Is it the right of every football supporter?

Wolves manager Mick McCarthyIn modern football it has become more and more common place to see fans protesting against the appointment of a manager or hear them booing in the stadiums. Yet with Wolves manager Mick McCarthy speaking out on the issue this week, saying that fans should not do such a thing and that it has a negative impact on the team, just how justified are fans to call for a manager’s head and do managers have the right to tell fans to keep their opinions to themselves?

It is certainly true to say fans pay an extraordinary amount for not just tickets, but travel, food at the game, club shirts and merchandise all to show their support for their team, so surely they should have a voice in how the club is run or at the very least be able to express an opinion when things are not going well?

When looking at certain managers, to say doomed from the start would be somewhat of an understatement, with the media and fans forming sustained campaigns and pressure for the board to remove the manager.

Take Avram Grant at Chelsea – regardless of how the man got his job (being too close to Abramovich and stabbing Mourinho in the back were the favourite rumours of the time) he did lead Chelsea to a Champions League final, and came within a slip of wining the trophy in Moscow, yet the fans never took to the man, likewise with Scolari and as soon as results started to go even slightly wrong, fans were on the back of both the team and manager. Gary Megson and Roy Hodgson suffered a similar fate at Bolton and Liverpool respectively, with fans just refusing to back the manager and essentially forcing them out.

Clearly fans would not take a dislike to a manager for no reason, there has to be something to sustain the continued protests and hatred – look at Blackburn Rovers, who sacked a proven manager and fans’ favourite in Sam Allardyce to replace him with the less than tactically astute Steve Kean. Fans were never happy over the appointment and have made their feelings clear from day one.

Should Kean have then shown he was worthy of the job and done as well or better than big Sam, fans may have stopped their dissent, or at the very least it would have been clear that they had no case for such behaviour, and were just affecting their own team in a negative way. However, given Kean’s performance as manager and the results that have accompanied this, Rovers fans are well within their rights to express how they are feeling, and are rightly worried for their club should Kean stay on as manager.

When fans have a legitimate issue with the manager, and are genuinely distressed at the situation surrounding their club, then irrespective of the money they pay to watch games, they have a right to express their opinions. Clubs would be nothing without their fan base who pour their heart and soul into a club, and they are more than entitled to a view. Yet when fans jump on a media created bandwagon or just simply take a dislike to a manager who is doing a good job, there is little excuse for this, as McCarthy is quite right when saying it derails the team and has a negative effect on performances.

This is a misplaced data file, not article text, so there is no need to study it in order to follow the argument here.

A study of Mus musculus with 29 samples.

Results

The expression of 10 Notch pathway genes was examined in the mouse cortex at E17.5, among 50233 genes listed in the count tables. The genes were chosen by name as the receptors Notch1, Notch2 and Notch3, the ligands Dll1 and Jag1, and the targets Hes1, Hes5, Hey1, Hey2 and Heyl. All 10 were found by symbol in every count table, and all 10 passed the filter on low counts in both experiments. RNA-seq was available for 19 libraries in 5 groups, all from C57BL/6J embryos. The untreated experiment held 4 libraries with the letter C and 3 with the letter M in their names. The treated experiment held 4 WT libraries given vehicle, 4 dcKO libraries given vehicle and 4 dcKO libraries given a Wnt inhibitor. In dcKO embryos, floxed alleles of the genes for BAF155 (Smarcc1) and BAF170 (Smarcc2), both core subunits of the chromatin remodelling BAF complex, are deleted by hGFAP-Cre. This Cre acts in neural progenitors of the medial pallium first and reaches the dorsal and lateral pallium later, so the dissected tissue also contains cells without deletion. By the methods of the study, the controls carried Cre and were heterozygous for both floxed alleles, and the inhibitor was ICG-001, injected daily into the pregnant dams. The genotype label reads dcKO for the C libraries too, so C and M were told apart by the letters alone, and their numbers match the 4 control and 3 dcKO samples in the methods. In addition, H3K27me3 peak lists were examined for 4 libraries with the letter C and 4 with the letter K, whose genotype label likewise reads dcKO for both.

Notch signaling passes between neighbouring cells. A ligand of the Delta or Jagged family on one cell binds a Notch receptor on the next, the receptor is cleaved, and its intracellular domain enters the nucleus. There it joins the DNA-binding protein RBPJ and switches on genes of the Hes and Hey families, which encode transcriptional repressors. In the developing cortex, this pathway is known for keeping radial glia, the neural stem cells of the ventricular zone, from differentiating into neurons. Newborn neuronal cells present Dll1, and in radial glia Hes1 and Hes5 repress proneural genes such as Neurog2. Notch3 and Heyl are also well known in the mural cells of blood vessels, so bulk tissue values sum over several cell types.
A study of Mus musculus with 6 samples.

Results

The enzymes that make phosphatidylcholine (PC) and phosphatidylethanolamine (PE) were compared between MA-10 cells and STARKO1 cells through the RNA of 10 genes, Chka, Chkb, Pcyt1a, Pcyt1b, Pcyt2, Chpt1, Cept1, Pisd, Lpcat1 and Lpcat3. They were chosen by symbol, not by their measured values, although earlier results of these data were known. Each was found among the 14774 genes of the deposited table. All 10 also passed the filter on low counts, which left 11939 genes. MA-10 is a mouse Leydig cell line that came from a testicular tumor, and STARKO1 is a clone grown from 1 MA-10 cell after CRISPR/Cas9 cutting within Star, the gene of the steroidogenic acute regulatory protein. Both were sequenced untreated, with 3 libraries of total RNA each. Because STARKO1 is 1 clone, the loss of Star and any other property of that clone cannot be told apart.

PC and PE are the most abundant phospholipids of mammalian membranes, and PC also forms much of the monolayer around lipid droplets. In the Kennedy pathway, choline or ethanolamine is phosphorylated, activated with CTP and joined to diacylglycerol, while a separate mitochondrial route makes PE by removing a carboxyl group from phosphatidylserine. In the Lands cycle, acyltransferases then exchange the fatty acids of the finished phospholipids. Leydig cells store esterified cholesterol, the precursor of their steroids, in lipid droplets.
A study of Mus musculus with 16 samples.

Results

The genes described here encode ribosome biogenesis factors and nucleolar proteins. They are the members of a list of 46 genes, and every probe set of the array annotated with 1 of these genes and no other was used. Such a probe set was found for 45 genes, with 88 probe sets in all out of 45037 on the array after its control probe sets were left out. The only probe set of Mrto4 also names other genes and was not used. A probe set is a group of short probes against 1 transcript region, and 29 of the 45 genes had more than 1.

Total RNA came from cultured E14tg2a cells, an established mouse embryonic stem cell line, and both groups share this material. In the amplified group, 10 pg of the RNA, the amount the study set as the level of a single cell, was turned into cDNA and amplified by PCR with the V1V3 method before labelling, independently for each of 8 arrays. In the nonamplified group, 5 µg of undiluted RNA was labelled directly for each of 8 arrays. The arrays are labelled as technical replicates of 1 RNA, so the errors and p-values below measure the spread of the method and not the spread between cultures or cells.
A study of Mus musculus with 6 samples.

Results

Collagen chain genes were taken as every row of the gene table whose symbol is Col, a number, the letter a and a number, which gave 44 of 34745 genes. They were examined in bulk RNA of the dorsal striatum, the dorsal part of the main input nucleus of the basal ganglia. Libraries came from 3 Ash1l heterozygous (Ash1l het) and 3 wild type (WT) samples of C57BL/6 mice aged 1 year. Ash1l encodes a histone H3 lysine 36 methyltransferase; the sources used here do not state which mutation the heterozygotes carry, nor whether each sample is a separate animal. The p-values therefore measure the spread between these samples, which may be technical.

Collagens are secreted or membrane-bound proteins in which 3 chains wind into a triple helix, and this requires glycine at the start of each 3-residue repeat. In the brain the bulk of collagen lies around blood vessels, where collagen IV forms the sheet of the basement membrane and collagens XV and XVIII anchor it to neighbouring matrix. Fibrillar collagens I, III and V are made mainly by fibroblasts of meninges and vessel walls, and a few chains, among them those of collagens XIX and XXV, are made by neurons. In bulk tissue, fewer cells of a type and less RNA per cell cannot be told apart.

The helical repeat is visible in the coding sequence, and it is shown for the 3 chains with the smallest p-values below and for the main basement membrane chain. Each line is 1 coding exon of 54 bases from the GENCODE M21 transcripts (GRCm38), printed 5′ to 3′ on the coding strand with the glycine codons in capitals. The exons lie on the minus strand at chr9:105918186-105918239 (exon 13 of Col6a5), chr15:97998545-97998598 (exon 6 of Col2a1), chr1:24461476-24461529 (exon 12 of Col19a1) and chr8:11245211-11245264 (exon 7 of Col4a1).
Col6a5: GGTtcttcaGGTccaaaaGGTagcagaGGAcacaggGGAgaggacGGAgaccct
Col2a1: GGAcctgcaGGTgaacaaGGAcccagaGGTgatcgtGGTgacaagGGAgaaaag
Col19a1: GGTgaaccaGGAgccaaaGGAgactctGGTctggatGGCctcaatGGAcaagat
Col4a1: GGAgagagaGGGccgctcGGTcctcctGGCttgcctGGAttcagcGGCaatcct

Those Wolves fans who booed the team and manager are quick to forget that McCarthy kept them in the Premier League last season, and Wolves are a club that have neither the players or the finance to expect anything other than a relegation battle. Yes they should be doing better than to be losing half time at home by 2 goals to 0 against a newly promoted side, but they should also give the team and manager a chance to put it right, which they duly did.

We see a similar situation with the national team, and although England have not lived up to anywhere near the expectations of being the ‘golden generation’, for England fans to boo their own players – none more so than Ashley Cole and Frankie Lampard, there is no excuse.

Yes, football fans pay a huge amount to watch their team, and invest not just financially but emotionally, and are always entitled to an opinion, especially when the manager or the team are not gelling and this has been the case for a sustained period of time. There can even be times when booing a player is justified – if Tevez ever emerges for any team in England again one can only hope the fans show him exactly what the country think, even if City do not have the backbone to do so. But to criticise for the sake of criticising is just wrong and ironically only harms their own team’s morale and confidence and both managers and players should come out and make fans aware of this.